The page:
The Akai Miniak is another 2009 introduction that seems to inspire love/hate reactions.
Love it or hate it though, the MIniak packs a lot of punch into a tiny synth.
The Akai Miniak lets you create programs with up to eight multi-timbral voices, each with three oscillators. You can create complex sounds using the Miniak’s two multimode filters, three envelope generators, two LFOs, stereo effects and 40-band vocoder with gooseneck microphone.
The MINIAK also has a sequencer with step and dynamic real time phrase sequencing, a drum machine/rhythm sequencer and an arpeggiator.
It has an estimated street price of $499, too, which means you get a serious amount of synth power at a fair price.
The $519 Moog Etherwave Plus theremin isn’t a keyboard or a synth per se, but it features control voltage outputs:
- Pitch & Volume CV Outputs – so you can control a different CV parameter with each hand
- Gate Output – so you can trigger envelopes and other events
Control Voltage outputs mean that the Etherwave Plus is destined to become part of your ultimate control-voltage based monster synthesizer.
And it’s still one of the best theremins that you can buy.
At the 2009 NAMM Show, Roland introduced the VP-770 Vocal & Ensemble Keyboard.
The big keyboard manufacturers have put out a lot of uninspired keyboards over the last few years, but the Roland VP-700 isn’t one of them. It’s a unique synth that targets a specific niche: real-time vocal synthesis.
The VP-770 lets you create realistic backing parts, futuristic electronic vocal textures and even emulations of large-scale gospel choirs.
It’s not limited to that though, as Ed Diaz demonstrates in the official Roland intro video.
While the big gear manufacturers put out some great synths in 2009, it was a excellent year for the smaller synthmeisters, too.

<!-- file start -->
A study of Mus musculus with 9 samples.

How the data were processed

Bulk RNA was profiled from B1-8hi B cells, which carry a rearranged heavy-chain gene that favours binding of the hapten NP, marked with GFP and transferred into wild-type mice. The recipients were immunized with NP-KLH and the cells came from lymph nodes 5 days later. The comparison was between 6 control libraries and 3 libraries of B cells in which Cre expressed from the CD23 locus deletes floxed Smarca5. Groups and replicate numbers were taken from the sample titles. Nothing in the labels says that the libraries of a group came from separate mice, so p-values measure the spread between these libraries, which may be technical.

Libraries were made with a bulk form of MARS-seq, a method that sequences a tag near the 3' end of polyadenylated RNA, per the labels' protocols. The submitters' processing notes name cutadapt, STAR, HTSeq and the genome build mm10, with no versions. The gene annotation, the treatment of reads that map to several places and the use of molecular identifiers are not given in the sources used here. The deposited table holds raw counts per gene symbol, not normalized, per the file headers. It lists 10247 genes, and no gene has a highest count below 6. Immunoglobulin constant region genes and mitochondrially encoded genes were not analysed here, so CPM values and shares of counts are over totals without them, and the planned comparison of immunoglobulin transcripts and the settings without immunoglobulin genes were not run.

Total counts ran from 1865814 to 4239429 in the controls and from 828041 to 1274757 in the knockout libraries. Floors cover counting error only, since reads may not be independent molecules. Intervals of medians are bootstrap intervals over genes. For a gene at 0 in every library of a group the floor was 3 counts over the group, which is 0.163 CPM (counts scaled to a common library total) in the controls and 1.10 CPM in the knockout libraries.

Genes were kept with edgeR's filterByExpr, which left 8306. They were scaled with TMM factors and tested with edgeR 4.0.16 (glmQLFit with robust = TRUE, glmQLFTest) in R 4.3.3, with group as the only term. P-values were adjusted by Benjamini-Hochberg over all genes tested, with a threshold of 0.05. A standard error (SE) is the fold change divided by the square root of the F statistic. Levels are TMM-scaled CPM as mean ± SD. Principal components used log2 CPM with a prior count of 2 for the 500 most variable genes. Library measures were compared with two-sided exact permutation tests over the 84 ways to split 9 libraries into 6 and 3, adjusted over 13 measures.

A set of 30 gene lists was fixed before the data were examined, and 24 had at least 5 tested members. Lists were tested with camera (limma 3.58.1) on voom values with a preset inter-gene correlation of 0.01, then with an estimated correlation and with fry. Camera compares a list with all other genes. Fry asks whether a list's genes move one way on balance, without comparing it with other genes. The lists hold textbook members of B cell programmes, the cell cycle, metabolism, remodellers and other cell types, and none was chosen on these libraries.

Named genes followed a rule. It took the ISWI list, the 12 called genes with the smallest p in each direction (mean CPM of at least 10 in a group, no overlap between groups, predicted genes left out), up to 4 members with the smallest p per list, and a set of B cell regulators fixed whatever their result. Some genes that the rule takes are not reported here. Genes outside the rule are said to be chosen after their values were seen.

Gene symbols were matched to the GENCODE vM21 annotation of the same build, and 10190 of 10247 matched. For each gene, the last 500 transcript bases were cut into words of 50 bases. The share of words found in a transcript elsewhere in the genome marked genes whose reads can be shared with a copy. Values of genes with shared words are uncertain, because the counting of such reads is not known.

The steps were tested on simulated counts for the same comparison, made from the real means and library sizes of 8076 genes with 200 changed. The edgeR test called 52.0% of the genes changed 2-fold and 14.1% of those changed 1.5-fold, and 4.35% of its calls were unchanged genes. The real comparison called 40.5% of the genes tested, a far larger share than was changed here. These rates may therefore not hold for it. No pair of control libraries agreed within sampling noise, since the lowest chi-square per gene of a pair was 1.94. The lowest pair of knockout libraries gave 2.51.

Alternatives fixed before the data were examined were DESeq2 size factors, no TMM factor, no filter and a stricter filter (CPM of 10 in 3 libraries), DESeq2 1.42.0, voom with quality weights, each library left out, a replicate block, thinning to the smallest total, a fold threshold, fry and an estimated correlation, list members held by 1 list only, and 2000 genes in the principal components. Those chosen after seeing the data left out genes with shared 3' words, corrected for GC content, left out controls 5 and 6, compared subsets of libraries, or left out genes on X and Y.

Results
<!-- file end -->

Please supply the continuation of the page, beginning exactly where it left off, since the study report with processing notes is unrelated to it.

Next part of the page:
In 2009, Dave Smith, above, introduced his new Tetra synthesizer.
The Tetra retails for $799, which isn’t cheap for a four-voice synth. But the Tetra packs an amazing level of power into a tiny box. The Tetra offers four great-sounding voices, multitimbral control and individual outputs.
If you think of the Tetra as a modern take on the class Sequential Circuits Prophet, but with an updated architecture, that $799 starts sounding like a deal.
Finally, 2009 brought the Doepfer Dark Energy analog synthesizer.
The Dark Energy is an analog semi-modular mini synth that features both USB and MIDI interfaces.
The sound generation and all modulation sources are 100% analog, only the USB and Midi interface contains digital components.
It’s available for 400 Euro as a synth module. You can also get it as a module for a Doepfer modular synthesizer.
Check out the video introduction from Angelspit’s Destroyx, above.
Can 2010 Top 2009?
Those are our picks for the 10 coolest new keyboards and synths of 2009. All-in-all, a good year!
We’ll have to wait until the 2010 NAMM Show in January to see if 2010 has a chance of beating 2009.
In the meantime – let us know what you think of our picks. Do you think any of our picks shouldn’t have made the cut? Did we miss any great new synths?